My son is going into the 5th grade this year. He’s been begging for an iPod (truth be told, an iPhone, but that ain’t gonna happen) for about a year. I’ve struggled with the request, not because I want to keep technology out of his hands, and really not even because I’m afraid it’ll be abused (it will), but mainly because I’ve been waiting for the school system to declare a standard.
When he was in Kindergarten, he was enrolled in a private school right across the street from the house. 6th – 8th graders had just been informed that they could submit 100% of their homework assignments digitally. It was a heady time, and I was excited to be a part of a forward-thinking school. But even though the school had a computer lab and the elementary kids got access to it, there was no real direction for getting the younger kids involved outside the school walls.
In 2nd grade, we moved him to public schools, where there was actually a program in place for kids to use iPads and Android tablets to access a few school-sanctioned apps. He enjoyed it, and I ended up giving him my old Kindle Fire to help sharpen his math skills…and watch Netflix late into the night. He is, after all, still a kid.
But now we find ourselves in a tech conundrum. He’s getting to the age where REPORTS will be due, and the idea of banging out a multi-paragraph document on an on-screen keyboard just makes me itchy. The idea of buying him multiple devices makes me itchier.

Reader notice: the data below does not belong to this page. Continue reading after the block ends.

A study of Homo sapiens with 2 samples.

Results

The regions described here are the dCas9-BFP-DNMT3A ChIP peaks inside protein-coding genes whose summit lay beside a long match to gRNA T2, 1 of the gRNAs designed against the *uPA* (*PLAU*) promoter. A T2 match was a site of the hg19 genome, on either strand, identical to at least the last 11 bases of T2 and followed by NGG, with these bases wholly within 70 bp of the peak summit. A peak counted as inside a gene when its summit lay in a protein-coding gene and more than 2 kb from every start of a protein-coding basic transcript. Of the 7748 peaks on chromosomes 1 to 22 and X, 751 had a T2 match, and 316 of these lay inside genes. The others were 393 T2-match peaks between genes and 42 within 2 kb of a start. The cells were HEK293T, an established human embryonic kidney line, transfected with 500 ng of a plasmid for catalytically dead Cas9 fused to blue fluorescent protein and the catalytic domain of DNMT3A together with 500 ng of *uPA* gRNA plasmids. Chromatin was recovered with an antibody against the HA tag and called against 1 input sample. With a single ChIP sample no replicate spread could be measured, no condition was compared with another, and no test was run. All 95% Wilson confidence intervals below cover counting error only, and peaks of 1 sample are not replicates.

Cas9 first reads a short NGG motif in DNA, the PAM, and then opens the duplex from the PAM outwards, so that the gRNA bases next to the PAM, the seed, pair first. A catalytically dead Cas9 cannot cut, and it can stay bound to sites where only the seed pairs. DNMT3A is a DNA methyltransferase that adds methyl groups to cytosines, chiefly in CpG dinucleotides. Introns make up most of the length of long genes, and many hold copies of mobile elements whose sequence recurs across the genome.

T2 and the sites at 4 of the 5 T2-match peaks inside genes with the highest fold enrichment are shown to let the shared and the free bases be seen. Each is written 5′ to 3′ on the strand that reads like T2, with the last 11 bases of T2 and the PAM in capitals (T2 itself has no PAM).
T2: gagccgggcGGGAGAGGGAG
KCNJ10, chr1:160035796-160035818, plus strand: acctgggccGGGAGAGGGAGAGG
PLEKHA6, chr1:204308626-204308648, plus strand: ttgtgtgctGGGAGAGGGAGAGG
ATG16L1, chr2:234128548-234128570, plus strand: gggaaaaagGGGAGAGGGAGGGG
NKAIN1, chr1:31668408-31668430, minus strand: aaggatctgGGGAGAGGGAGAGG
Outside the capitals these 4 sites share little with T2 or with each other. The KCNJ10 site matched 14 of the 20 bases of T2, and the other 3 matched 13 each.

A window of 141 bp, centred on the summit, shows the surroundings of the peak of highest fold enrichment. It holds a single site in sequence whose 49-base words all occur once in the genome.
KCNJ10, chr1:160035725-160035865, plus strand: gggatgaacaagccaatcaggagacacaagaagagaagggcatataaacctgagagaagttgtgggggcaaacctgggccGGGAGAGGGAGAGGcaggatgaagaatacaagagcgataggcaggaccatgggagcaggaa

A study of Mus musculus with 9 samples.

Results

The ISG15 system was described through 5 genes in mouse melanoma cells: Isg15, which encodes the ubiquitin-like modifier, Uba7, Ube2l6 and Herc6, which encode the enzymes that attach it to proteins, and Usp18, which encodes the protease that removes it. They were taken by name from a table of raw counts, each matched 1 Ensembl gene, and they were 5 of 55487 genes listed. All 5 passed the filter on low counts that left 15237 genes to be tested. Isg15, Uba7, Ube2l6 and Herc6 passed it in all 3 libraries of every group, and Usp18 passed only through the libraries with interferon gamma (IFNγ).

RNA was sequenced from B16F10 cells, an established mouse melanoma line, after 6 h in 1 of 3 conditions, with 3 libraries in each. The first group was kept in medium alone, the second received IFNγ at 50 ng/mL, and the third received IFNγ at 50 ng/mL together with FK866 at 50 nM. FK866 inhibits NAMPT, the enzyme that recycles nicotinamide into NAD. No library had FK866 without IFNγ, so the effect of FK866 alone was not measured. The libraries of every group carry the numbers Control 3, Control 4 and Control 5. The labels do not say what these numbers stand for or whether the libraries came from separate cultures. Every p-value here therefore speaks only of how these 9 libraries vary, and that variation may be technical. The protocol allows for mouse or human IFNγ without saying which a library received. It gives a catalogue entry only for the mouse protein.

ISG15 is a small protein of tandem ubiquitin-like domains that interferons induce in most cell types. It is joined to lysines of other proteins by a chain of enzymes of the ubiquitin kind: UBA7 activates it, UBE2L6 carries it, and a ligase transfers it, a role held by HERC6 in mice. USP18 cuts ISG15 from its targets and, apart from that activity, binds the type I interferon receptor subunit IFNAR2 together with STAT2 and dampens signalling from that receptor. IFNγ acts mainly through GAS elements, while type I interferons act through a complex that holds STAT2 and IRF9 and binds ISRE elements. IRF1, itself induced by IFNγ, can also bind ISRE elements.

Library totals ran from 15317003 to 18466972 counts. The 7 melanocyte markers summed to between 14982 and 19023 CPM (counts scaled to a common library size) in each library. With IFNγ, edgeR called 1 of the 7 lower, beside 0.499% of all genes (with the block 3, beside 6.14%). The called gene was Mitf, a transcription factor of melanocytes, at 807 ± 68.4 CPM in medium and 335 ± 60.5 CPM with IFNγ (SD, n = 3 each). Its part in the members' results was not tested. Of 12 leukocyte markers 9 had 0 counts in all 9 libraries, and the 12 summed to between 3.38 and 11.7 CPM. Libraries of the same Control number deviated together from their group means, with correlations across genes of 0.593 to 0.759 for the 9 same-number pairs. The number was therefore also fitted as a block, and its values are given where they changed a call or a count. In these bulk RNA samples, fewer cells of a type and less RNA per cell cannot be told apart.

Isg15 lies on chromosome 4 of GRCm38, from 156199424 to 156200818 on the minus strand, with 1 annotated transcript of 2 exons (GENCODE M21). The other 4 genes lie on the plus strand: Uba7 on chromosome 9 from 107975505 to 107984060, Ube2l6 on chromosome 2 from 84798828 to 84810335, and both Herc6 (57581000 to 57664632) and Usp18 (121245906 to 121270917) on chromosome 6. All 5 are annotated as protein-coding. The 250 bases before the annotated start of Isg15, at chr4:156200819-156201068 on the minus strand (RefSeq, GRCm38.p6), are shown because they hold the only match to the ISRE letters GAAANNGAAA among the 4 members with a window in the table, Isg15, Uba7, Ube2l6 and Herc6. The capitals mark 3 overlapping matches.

Sure, there are external keyboards for iPads, and ChromeBook is almost a compelling option, but what about app support? He’s in a school system that has actually licensed Office 365 for students, and I’d hate to leave that power on the table and force him to use a web-only experience, even if that might be the eventual future.
Windows 10 Anniversary Update drops today, and with it come new features that may have just answered the question of “what’s the next device?” for us.
Ask a kid to enter a math problem in Excel. Or even Calculator. What works well on paper doesn’t always translate well into an on-screen experience, and I know I’ve personally spent time with a sheet of paper trying to translate my math problem into something the computer could understand. But what if you could just write it on the screen and let the computer figure it out?
What if you could write sheet music like that?
Windows Ink brings these simple-with-a-pencil tasks to the computer, along with Sticky Notes that the system can recognize and turn into calendar events, integration with Microsoft Office apps, and even Microsoft Edge. Much of this is directly targeted at the Education space, which is getting some love from the cloud services arena, too, with the development of School Data Sync, Office Forms, and Microsoft Classroom.
Now I just have to convince my wife.